Energy and Resources Minister Megan Woods said she was in discussions with officials about how to have "fairness in fuel pricing", adding that the evidence suggested that customers were paying too much.
She is due to receive an updated report on the petrol market on Thursday that was ordered by her predecessor, National's Judith Collins.
The previous Government looked at giving powers to the Commerce Commission to conduct a market study without evidence of collusion, which would require companies to provide information they have previously refused to release.
Woods said that empowering the Commission remained a "live option".
A study from the Ministry of Business, Innovation and Employment, released in July, questioned whether the market was acting competitively and found a dearth of information after Mobil and Gull refused to provide it.
It also said that prices in Wellington and the South Island had increased at a greater rate in recent years than in the upper North Island, where competition is more fierce.
Thursday's updated study is expected to include detailed responses from the industry to July's report.
Petrol prices this week hit the highest level in three years. Motorists in central Wellington were paying the national price of 214.9c per litre of 91 unleaded, up from 191.9c a year ago.
But the regional price varied. It was 4c cheaper in Wellington suburbs, while in Levin and Masterton it was under 200c a litre.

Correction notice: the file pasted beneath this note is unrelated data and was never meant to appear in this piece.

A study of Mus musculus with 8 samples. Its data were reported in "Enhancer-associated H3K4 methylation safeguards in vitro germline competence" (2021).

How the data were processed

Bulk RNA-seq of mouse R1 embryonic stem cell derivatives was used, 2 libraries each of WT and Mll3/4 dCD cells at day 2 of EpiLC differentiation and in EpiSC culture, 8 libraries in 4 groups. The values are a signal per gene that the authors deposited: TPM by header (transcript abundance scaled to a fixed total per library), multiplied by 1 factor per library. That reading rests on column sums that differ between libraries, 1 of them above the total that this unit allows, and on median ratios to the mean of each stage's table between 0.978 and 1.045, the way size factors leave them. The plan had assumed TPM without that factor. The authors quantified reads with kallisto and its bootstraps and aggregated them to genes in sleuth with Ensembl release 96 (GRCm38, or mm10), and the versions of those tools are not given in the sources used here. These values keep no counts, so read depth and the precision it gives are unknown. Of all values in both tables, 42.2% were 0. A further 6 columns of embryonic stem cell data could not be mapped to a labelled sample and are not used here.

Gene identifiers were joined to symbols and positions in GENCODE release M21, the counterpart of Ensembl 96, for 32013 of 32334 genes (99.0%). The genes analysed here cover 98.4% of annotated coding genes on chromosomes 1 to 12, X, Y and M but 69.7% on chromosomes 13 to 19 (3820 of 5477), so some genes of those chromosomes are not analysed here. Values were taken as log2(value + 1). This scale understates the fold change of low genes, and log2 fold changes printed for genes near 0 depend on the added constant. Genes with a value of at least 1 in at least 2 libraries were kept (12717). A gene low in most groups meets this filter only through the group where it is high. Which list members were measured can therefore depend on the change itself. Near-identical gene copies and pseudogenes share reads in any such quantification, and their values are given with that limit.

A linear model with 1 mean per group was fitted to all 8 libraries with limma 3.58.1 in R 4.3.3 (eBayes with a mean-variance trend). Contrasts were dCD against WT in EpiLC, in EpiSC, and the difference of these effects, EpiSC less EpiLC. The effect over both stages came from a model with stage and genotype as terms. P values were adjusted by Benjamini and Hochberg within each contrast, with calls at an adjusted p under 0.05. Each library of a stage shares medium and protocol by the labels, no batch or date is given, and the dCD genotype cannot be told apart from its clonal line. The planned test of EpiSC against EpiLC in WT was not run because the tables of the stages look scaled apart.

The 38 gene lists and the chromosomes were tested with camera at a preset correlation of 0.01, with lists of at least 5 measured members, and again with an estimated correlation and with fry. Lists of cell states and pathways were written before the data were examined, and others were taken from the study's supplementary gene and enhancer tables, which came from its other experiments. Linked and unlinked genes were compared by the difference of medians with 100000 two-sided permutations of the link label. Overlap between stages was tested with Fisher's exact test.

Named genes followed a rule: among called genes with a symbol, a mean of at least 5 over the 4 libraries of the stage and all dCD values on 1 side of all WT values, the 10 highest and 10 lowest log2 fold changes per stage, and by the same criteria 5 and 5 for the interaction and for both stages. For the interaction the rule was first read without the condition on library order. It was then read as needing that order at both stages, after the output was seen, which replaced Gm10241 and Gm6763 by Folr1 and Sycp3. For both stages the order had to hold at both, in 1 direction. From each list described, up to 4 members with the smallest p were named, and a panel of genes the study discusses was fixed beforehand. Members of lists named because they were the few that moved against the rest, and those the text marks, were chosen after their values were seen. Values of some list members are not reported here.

Woods said asking the Commerce Commission to investigate would take some time.
"There would have be changes made to the Commerce Act for the Commerce Commission to do that market test, so I'm also looking at what other options we can put in place so we can start addressing, right from the get-go, the issue that if you live in Wellington or the South Island, you're likely to be paying more for your fuel."
She said discussions with officials centred on short- and medium-term options, but the evidence suggested that motorists were overpaying.
"It warrants further investigation to see how we can ensure that people are paying a fair price for their petrol."
Opposition leader Bill English welcomed Woods' approach of continuing the work of the previous Government, but added there was little the Government could do in the short-term.
"I don't think there's any action the Government can take to drop fuel prices for the Christmas break. It's up to the fuel companies. Unless there's some change to the law, they will continue to price petrol in a way they regard as competitive.
"It's a difficult issue to deal with."
He said the July report "never really got to the bottom" of the reason for regional differences.
"The information that was gathered never really satisfactorily explained how that works, other than that people will pay, so they price it higher in some places."